Xian-mei adds some really good points to making great TM videos!
I figured I could chime in to add some of my own advice on how to take your videos to the next level, with some relatively-beginner points:
- Cross Dissolve Is Your Friend!
Cross Dissolve is a standard feature that is found in most video editing software. If it is not, that is a sign that you need to jump ship and get a new one.
Essentially, Cross Dissolve makes a fading transition between two scenes by blending the two shots together.
If you need an example, watch my Total Miner: The Amityville Horror at the following timestamps:
Cross Dissolve gives that extra boost to footage by making soft transitions between similar interests. For example, in scenes 0:13, 0:16, and 0:17, each Cross Dissolve was between establishing shots of the house, and then 0:55 and 0:58 dissolves made nice transitions between the Lutz family unpacking.
Im pretty sure any respectable video editing software has Cross Disssolve as a hotkey, so use it!
- Shoot More Footage Than You Need!
Think of a photographer who shoots hundreds of photos of a model for hours at a time to get that perfect cover photo shot. The artist doesn't get the perfect one on the first try.
And neither should you.
I honestly shot a good 15GB worth of footage for my Amityville Horror movie (in contrast to its ~250MB final compressed size). What I did, outside of filming actual people interacting in the film, is a ton of establishing shots.
- Footage of me flying around as the camera with the hud off, seeing if I could get really good day shots of the exterior and interior of the house.
- Same as above, except I did it again at night. Tried many, many angles of view, tumbled the camera, flew straight at the walls, etc.
- Walked around inside of the house with a torch, and basically strolled through the house as if I was the main character walking alone in the dark.
When filming with with real avatar actors, have them redo their acts multiple times. Even if the first or second one is "perfect", you may find when it comes time to edit that they actually went too fast, or your shot isnt long enough, etc.
For example, at 1:27 and 1:52 in my video, I had my brother redo that same jumping scene for a whole five minutes nonstop. Just to nail that perfect "surprised jumping back motion". As well as open and reopening doors, walking around, spinning in circles, etc.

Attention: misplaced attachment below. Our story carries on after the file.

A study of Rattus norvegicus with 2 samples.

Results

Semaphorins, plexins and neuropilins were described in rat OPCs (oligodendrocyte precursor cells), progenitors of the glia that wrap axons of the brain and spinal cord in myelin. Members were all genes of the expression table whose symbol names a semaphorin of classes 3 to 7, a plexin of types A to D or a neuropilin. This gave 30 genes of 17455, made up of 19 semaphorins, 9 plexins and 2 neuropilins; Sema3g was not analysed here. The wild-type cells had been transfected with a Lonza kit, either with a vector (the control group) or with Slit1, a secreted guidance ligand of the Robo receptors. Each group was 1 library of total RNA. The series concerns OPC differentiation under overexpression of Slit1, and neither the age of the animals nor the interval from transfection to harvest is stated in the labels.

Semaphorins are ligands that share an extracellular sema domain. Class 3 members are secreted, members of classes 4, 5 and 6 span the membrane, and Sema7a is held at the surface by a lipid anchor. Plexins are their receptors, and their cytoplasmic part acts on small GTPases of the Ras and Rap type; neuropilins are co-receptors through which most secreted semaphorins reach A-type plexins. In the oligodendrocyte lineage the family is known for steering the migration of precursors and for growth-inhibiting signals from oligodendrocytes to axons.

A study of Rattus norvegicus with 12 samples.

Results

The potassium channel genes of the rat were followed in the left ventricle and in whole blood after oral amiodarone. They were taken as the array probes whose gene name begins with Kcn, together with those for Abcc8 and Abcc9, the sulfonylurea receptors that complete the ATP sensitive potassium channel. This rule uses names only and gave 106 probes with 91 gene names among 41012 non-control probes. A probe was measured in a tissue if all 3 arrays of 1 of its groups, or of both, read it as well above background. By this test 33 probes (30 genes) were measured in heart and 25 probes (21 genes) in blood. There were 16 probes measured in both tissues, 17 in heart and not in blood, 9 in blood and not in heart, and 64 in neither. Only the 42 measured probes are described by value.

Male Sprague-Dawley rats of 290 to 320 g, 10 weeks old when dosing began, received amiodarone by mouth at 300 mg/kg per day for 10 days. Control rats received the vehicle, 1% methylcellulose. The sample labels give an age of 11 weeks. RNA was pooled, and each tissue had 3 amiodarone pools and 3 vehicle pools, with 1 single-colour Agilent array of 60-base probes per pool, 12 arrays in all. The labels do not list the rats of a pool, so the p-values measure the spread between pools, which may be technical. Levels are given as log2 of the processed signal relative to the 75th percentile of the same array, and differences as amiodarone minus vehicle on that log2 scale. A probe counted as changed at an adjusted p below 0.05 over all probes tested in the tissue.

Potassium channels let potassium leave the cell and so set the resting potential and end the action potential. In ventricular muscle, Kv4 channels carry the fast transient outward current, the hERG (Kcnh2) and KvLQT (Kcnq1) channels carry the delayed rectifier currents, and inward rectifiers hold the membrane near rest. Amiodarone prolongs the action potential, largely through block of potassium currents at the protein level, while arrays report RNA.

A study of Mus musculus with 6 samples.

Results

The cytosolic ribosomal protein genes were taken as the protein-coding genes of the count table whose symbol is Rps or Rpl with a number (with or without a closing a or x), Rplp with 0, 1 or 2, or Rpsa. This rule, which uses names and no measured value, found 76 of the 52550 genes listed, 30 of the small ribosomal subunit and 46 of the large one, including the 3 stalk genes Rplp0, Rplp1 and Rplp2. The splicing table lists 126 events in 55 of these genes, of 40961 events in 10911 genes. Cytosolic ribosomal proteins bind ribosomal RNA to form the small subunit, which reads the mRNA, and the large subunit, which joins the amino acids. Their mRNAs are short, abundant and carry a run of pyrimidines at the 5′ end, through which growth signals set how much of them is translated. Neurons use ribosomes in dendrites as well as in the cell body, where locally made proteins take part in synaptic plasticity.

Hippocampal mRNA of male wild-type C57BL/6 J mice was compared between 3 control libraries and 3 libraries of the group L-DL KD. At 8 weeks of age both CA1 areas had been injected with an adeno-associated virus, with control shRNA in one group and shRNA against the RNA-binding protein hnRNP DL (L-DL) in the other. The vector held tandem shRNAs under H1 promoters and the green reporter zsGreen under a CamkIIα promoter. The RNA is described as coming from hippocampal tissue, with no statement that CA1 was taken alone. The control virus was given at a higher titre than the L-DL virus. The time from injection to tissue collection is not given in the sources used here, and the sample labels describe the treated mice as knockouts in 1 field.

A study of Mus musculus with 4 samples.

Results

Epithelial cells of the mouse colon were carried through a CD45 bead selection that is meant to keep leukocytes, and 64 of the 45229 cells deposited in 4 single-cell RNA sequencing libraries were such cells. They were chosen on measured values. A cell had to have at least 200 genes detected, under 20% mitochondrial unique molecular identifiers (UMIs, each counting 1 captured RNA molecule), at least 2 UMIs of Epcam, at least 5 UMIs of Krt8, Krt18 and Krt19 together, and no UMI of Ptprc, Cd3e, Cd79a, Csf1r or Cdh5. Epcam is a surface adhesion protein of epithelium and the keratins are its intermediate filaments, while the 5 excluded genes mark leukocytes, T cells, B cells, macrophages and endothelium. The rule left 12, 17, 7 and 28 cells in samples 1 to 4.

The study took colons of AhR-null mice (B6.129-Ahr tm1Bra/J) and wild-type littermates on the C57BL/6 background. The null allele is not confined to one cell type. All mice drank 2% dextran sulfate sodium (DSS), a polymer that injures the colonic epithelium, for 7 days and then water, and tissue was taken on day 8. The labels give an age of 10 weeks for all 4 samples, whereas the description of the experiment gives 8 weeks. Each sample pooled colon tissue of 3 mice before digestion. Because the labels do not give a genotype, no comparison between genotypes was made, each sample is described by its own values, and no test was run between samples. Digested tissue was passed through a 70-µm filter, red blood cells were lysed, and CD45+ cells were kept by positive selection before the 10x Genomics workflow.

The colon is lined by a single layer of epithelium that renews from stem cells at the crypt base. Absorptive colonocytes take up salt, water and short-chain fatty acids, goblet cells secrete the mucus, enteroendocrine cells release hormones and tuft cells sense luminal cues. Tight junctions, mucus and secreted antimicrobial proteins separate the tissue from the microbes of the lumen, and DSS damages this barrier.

When it comes time to edit, having way more footage will not only help you get that perfect shot, it will also help fill in some "blank" areas in the film. If you don't know what should go in that scene, put in an establishing shot.
Plan Out Which Scenes Contain Characters
To make my life simpler in creating a video, I always plan out actors in the following ways:
-Scenes (in chronological order) that have NO players
-Scenes that have ONE player
-Scenes that have TWO players
-Scenes that have THREE OR MORE players
This helps, because you can prioritize and cross of scenes that you need to shoot, and scenes that you can do yourself. If say, I needed to film a scene of the Amityville house, I can do that on my own time. If I need someone in another scene to be walking, then I'll plan to have everything ready when I need to film that person.
Have those props and sets built before the actor shows up to help. Makes things much easier.
And with this ordering, you can also cut corners too!
When I make a list like above, most of the time I can filter out ones that can be fullfilled with a real actor, and one with an NPC.
Say for example in 0:54-0:59, when the Lutz family is unpacking. Technically, that gets filed under "three or more", but really, the characters dont need to be moving around all that much. So instead of rallying three people to stand still, use NPCs!
In contrast, take 0:48, with two characters. I was able to cut corners by employing only one actor and one NPC. The real actor (Refugee) was turning as if he was talking, and the NPC girl was motionless. Simple. No hassle of getting two people.
Green Screen Effects
Use SkyColor [0,255,0,255] for a green screen effect. If you've got video editing software that can perform Keying, this is how you use it. If anyone wants me to elaborate on this, feel free to post. It's a bit of an advanced feature that required trial and error on my part, but I'm willing to share if interested.
I used a metric ton of green screening in my video. If you can master keying, you will absolutely take things to the next level.
We might as well use this thread as a Q&A session for video-making tips for Total Miner, so if you have any questions, post them below.